June 09, 1988|RICHARD HOLGUIN | Times Staff Writer

DOWNEY — Councilman James S. Santangelo was soundly defeated in Tuesday's election after his opponent used a last-minute mailer to remind voters that Santangelo faces a misdemeanor trial and that Downey has spent hundreds of thousands of dollars on legal fees related to the case.

Barbara J. Hayden, a businesswoman, Downey planning commissioner and president of the Cerritos College Board of Trustees, defeated Santangelo for his at-large City Council seat. Santangelo, a real estate agent, was elected to the council in 1984.

In a mailer that began arriving at voters' homes last Saturday, Hayden alleged that Santangelo had cost the city more than $500,000 in legal fees related to his vote in 1984 to expand the city's redevelopment district even though he owned property in the expansion area.

Santangelo, 53, was charged with misdemeanor conflict of interest. Last February, a judge declared a mistrial after a Municipal Court jury deadlocked 11 to 1 for conviction. The councilman contends that he innocently followed the advice of former City Atty. Carl Newton, who has denied telling Santangelo that he could vote. A retrial is tentatively scheduled for July 18.

In addition, a judge invalidated the expansion area. The city appealed the decision and lost last December.

The legal fees related to the issue may actually exceed $550,000. Downey spent $158,883 to defend the redevelopment area in court. The city was forced to pay $314,673 in attorneys' fees to the citizens group that challenged the vote. And so far, Downey has been billed more than $80,000 for Santangelo's criminal defense, according to city officials.

"Had he not voted, I don't think there would have been a legal battle," said Hayden, 47. "It's difficult for me to understand how he could not realize that he had a potential conflict of interest."

Santangelo accused Hayden of running a dirty campaign that distorted the facts of his case and his voting record on other issues.

"I had legal advice saying I could vote," Santangelo said. "The (mailer) made me guilty. . . . It made me guilty for all of that problem."

Hayden received 8,261 votes, or 43.56%, to Santangelo's 5,087 votes, or 26.82%. Three other candidates ran for Santangelo's seat. Douglas Creek received 2,268 votes, or 11.96%; Joel Lubin 2,215, or 11.68%, and Thomas Hartsfield 1,130, or 5.95%.

Incumbents Diane P. Boggs and Robert G. Cormack easily won reelection.

Boggs received 2,338 votes, or 57.97%, to retain her District 1 seat, which covers southeast Downey. Candidate John Drayer received 1,082 votes, or 26.82%, and Gregg Martell 613, or 15.19%.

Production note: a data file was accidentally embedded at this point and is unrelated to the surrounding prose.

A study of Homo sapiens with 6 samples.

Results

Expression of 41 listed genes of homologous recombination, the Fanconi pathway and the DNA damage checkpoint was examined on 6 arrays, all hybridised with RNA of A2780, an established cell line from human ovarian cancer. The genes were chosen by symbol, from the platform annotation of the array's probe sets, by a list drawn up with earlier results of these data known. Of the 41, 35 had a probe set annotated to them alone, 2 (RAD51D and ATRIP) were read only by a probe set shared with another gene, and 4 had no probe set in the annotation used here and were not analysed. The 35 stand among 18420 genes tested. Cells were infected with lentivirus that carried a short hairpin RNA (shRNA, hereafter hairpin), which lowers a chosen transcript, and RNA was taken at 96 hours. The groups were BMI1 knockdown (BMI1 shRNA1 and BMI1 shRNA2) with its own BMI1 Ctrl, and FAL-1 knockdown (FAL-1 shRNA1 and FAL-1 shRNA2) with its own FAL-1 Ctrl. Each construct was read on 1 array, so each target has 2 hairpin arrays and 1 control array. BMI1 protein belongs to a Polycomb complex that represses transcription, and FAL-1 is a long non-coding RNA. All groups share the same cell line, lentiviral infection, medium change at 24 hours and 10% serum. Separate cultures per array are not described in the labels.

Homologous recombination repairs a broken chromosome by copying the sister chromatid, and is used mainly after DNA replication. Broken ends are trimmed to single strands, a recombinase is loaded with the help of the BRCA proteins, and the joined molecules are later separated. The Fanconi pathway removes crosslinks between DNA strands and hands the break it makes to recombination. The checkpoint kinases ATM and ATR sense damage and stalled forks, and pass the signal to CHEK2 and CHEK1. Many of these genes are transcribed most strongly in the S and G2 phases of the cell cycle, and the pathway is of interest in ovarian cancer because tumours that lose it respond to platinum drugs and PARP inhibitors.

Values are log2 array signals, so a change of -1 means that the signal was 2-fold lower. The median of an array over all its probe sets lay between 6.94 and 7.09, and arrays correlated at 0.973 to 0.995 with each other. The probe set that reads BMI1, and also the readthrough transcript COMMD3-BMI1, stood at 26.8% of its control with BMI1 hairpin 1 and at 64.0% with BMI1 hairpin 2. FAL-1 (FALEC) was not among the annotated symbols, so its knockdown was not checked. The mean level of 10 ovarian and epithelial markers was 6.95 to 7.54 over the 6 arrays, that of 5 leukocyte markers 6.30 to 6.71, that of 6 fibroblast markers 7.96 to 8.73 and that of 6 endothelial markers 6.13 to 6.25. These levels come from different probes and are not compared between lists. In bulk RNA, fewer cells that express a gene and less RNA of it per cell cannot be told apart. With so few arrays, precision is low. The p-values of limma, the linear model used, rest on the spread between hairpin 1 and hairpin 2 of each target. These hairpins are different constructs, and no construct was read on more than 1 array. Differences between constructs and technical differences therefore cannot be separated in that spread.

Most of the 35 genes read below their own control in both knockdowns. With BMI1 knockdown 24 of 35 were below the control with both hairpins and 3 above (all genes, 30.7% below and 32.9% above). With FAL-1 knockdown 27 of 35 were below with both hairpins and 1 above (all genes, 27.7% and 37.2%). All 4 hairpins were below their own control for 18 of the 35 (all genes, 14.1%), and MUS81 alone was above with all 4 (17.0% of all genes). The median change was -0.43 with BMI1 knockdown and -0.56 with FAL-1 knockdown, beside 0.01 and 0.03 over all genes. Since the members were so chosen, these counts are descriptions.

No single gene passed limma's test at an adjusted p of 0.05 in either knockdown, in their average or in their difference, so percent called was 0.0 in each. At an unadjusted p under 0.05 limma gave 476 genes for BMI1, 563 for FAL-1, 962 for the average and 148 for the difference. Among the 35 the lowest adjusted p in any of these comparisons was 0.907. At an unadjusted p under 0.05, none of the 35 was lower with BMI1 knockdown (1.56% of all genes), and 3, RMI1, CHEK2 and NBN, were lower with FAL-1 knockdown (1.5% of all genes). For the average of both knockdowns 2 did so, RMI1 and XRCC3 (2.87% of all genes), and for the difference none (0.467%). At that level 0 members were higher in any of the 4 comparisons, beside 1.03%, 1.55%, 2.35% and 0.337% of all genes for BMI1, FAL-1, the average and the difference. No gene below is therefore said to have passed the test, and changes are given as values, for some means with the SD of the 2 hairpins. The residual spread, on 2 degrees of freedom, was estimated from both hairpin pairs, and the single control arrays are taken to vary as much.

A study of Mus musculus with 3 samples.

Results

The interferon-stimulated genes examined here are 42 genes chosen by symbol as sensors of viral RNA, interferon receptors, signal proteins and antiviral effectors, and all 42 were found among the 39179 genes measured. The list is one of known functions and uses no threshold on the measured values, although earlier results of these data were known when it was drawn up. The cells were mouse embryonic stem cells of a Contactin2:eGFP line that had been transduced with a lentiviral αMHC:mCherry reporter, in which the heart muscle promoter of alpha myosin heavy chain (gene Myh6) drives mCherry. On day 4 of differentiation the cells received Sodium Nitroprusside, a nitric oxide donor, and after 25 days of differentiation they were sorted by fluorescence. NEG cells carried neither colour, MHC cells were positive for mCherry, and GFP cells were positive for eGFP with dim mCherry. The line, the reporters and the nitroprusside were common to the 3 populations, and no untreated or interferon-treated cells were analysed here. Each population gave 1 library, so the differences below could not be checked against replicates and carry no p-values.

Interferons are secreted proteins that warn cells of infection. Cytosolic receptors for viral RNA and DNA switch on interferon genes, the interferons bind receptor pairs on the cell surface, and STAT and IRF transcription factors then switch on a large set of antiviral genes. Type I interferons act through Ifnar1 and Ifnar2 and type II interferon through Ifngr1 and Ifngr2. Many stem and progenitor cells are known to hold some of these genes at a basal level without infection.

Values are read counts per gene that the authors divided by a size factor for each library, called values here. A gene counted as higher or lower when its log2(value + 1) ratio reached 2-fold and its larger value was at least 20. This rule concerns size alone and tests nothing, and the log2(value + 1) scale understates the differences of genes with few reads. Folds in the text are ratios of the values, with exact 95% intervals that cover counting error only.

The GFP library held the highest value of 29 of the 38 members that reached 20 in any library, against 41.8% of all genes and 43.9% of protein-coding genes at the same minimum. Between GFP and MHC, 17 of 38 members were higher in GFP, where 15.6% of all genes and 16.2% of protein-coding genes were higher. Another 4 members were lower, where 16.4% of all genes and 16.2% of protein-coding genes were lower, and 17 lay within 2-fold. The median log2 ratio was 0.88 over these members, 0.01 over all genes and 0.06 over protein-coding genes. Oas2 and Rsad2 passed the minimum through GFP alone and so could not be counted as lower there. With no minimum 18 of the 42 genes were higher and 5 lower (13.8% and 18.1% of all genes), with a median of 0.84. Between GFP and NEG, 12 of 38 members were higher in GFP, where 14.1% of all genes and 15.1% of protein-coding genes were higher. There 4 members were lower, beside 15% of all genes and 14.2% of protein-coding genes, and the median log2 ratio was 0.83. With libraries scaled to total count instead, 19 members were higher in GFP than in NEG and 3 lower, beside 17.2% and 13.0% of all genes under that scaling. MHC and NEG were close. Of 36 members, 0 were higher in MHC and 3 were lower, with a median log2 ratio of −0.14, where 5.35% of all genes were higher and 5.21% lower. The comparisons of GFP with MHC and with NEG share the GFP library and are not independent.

Cormack received 2,825 votes, or 54.45%, to defeat former Councilman Ken Miller, who got 2,353 , or 45.54%.

In another area race, Southeast Municipal Court Judge Russell R. Schooling retained his seat against challenger Carlos de la Fuente, a private lawyer. Schooling received 8,342 votes, or 57.81%, while De la Fuente had 6,088, or 42.18%.

Schooling, a judge since 1977, retained his seat despite having received an "unqualified" rating from the Los Angeles County Bar Assn.

The judge also weathered criticism for supporting a 1984 rule requiring court employees to speak only English on the job except when acting as translators. Schooling and two other Municipal Court judges issued the rule after an employee complained that co-workers were saying negative things about her in Spanish.

Last January, the U.S. 9th Circuit Court of Appeals upheld an injunction against the rule because it appeared to violate laws banning discrimination based on national origin. The appeals court is considering a motion for a rehearing.

Schooling could not be reached for comment on his victory.

Southeast Municipal Court Judges John R. Hopson, Porter de Dubovay and John Bunnett were unopposed in their reelection bids.

Muted Criticism

During the Downey City Council campaign, Hayden had largely refrained from criticizing Santangelo for his controversial 1984 vote. When pressed, she said he was guilty of poor judgment rather than criminal intent.

But she did contend that the city was deprived thereafter of full representation on redevelopment issues, since Santangelo abstained from voting on them.

Hayden is expected to vote for aggressive redevelopment, including the use of eminent domain if necessary.

The Downey Redevelopment Agency has condemnation powers in the city's original 125-acre redevelopment district. But the council bowed to strong public opposition and did not give the Redevelopment Agency the power of eminent domain in new redevelopment areas formed last year.

Hayden said she is an advocate of eminent domain "when absolutely necessary." She also said she would support amending the newly formed redevelopment areas to give the Redevelopment Agency condemnation powers.

Hayden, who said she will resign from the Cerritos College board, will be sworn in as councilwoman July 5.